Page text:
Number of financial hardship cases, company closures dropped last quarter

A new report has found the number of financial hardship cases and company closures in New Zealand dropped last quarter.

The June Credit Indicator from Centrix, which outlines key credit trends in Aotearoa, said they're experiencing another record-low in hardship levels that they haven't seen since December 2019, with only 8750 borrower accounts flagged in financial hardship.

"This is the lowest level reported since December 2019 and down 3 percent on the previous month, meaning people are not experiencing severe financial distress," Centrix said in its report.

"However, across May the number of people missing repayments rose for the third month in a row, which runs contrary to the seasonal trend that's typical this time of year.

"The total number of people who are behind on payments is up 11.7 percent compared to the same time last year, indicating some consumers are starting to experience financial strain."

Similarly, the proportion of home loans with missed payments is still low, at only 1 percent in May.

Centrix said this means there are still no signs of mortgage stress, despite the recent rate hikes and higher costs of living.

"But, as the economy tightens, we expect more households will struggle to pay all their bills," they said.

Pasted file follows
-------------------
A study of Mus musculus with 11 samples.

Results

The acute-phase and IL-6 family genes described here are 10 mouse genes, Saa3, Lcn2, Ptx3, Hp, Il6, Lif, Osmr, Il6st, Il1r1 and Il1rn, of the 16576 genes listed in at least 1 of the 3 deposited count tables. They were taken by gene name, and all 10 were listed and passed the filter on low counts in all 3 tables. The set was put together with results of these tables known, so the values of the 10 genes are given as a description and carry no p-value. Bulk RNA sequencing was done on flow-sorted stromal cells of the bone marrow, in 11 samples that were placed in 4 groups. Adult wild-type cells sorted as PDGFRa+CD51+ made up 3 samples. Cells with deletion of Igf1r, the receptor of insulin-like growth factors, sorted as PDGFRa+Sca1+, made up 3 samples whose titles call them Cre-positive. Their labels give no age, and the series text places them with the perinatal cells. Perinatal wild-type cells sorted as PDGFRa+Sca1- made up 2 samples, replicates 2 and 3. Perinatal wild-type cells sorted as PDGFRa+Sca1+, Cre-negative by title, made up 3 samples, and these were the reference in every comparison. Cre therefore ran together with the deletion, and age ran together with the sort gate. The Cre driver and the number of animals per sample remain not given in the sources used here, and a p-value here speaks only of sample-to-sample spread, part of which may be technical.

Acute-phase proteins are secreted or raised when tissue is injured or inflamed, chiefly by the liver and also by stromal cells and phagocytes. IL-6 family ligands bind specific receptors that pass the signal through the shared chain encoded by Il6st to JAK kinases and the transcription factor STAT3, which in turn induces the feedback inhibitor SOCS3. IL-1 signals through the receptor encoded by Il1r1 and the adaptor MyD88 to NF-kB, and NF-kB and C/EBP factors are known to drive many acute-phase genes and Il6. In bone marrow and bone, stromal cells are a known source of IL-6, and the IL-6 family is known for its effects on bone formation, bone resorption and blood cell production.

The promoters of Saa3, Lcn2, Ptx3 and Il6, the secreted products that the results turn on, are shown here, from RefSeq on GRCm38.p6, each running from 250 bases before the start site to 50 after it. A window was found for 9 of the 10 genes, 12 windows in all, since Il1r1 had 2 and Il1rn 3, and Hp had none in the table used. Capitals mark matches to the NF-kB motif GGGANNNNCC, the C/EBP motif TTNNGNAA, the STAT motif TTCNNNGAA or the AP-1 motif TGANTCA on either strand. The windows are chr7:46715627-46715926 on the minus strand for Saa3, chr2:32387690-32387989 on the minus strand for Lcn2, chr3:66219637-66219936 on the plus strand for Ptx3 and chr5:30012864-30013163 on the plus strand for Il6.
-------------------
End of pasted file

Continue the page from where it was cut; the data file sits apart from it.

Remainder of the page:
Also, new residential mortgage lending is down 34 percent year-on-year, but it's only 4 percent down on pre-pandemic May 2019, the report found.

"Consumer lending continues to decline, down 20 percent on last year, and down 19 percent on

the same time in 2019," Centrix said.

"Following a similar trend, mortgage applications are down 25 percent, due to the housing market downturn.

"However, auto loan and personal loan demand both remain stable compared to the same period last year, with lending up 1 percent and 0.3 percent, respectively."

Personal lending is low, with customer enquiries for buy now pay later and new credit card demand also dropping by 32 percent and 22 percent year-on-year, respectively.

In business, low company closure and liquidation rates show "a level of resilience" for the economy, Centrix said.

Closures were down 37 percent this quarter, compared to the previous quarter, and company liquidations were also down 14 percent year-on-year.

But company credit defaults are starting to increase, specifically in the building and hospitality sectors, since they've experienced the highest default rates since the final quarter of 2019, Centrix said. Similarly, credit demand in the hospitality sector fell sharply at 21 percent year-on-year and agriculture credit demand is down 24 percent year-on-year.

"As we manage these changing economic times, it is now more important than ever for businesses to manage their credit risk and for Kiwis to proactively manage their personal debt," Centrix said.

"We recommend people talk to their lenders sooner rather than later if they are experiencing any financial distress."